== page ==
Although athletic activity is equally beneficial to men and women, it’s a different game when it comes to sports injuries in the two sexes. Men and women are built differently, so there are some real differences when risk of injury is considered.
Form, alignment, composition and physiology all have a hand in how one’s core reacts to high-intensity landings and maneuvers, hamstring strength and more. By around age 10 to 12, when differences in body makeup become more prominent, girls typically begin to perform differently than boys at sports—and experience different types of injuries.
- Hormonal differences come into play, having an impact on body fat (girls have more) and lean body mass (girls have less).
- A lean body mass has something to do with the higher prevalence of bone fractures in males. When injury occurs, it’s usually in the form of an outright break rather than a pull or strain. In female athletes, there’s a higher incidence of ligament tears and sprains.
- Knee injuries and ACL tears are more prevalent in females, due in part to what is referred to as differences in the “lower extremity chain” ― or mechanics of the lower body ― between males and females.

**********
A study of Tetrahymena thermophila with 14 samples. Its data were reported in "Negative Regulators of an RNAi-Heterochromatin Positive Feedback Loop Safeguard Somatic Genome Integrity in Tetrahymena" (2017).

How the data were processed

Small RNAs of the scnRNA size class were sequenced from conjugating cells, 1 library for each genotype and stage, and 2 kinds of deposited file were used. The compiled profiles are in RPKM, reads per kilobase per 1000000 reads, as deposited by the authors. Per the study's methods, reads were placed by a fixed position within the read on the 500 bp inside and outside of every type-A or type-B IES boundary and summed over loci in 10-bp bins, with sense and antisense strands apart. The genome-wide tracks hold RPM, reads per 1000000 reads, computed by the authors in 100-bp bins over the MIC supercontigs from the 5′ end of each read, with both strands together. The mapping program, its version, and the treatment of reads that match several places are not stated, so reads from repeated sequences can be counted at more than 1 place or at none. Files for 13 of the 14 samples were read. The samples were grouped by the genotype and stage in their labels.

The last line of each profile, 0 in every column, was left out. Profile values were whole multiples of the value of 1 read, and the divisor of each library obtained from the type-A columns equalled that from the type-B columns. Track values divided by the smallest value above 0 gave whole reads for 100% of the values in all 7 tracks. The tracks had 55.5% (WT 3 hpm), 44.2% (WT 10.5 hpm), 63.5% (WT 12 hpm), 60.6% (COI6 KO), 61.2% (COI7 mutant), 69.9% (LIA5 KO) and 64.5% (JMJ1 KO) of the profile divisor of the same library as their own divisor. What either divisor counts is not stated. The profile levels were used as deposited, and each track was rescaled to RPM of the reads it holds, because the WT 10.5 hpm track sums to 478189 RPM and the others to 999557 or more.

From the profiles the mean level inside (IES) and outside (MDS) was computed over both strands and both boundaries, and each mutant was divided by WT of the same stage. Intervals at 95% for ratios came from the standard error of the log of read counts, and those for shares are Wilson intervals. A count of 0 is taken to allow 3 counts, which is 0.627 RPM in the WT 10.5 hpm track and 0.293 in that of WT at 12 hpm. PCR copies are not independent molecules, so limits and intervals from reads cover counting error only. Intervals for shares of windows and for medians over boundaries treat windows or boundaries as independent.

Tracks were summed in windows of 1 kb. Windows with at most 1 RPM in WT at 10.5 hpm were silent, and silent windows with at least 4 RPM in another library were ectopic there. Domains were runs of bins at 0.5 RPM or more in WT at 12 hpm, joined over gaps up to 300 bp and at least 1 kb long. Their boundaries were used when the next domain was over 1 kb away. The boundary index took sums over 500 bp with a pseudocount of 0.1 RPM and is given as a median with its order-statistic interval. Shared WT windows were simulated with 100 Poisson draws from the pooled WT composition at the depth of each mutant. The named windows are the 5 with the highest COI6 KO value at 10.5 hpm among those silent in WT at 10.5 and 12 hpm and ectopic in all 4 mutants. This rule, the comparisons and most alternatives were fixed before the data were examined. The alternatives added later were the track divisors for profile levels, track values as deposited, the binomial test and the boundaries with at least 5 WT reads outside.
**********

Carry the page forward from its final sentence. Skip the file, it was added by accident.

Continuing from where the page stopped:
- Females are built with wider pelvises than males and are less developed in terms of muscles, which leads to weaker inner quadricep and pelvic muscles.
Specialty Care for Female Knee and Shoulder Injuries
Due to a woman’s body makeup, female athletes experience greater force on their knees when engaged in high-intensity activity. As a result, women are 3 to 6 times more likely to experience ACL injuries than their male counterparts, especially in basketball, soccer and tennis, along with a higher incidence of patella (kneecap) injuries.
When it comes to shoulder-related injuries, body mechanics are at play here too. Women are not as strong up top, so they are more prone to shoulder trauma. As a result, women playing sports such as swimming, softball or volleyball typically are at increased risk for rotator cuff weakness, tightness, instability and injury.
The physicians approach to knee and shoulder conditions is to focus on the least invasive treatment whenever possible to get active women back to their pre-injury level of performance. If surgery is determined to be the best option for pain relief and mobility, minimally invasive arthroscopy, stabilization techniques and/or joint reconstruction may be recommended.
Beyond providing treatment, Drs. Dietrich and Kennedy are dedicated to teaching athletes good injury-prevention techniques such as how to properly land, practice neuromuscular control and focus on strengthening. Positive results can be achieved when athletes, young and not-so-young, female and male, work closely with their primary doctors, coaches, families and orthopedic surgeons to ensure safe and healthy play.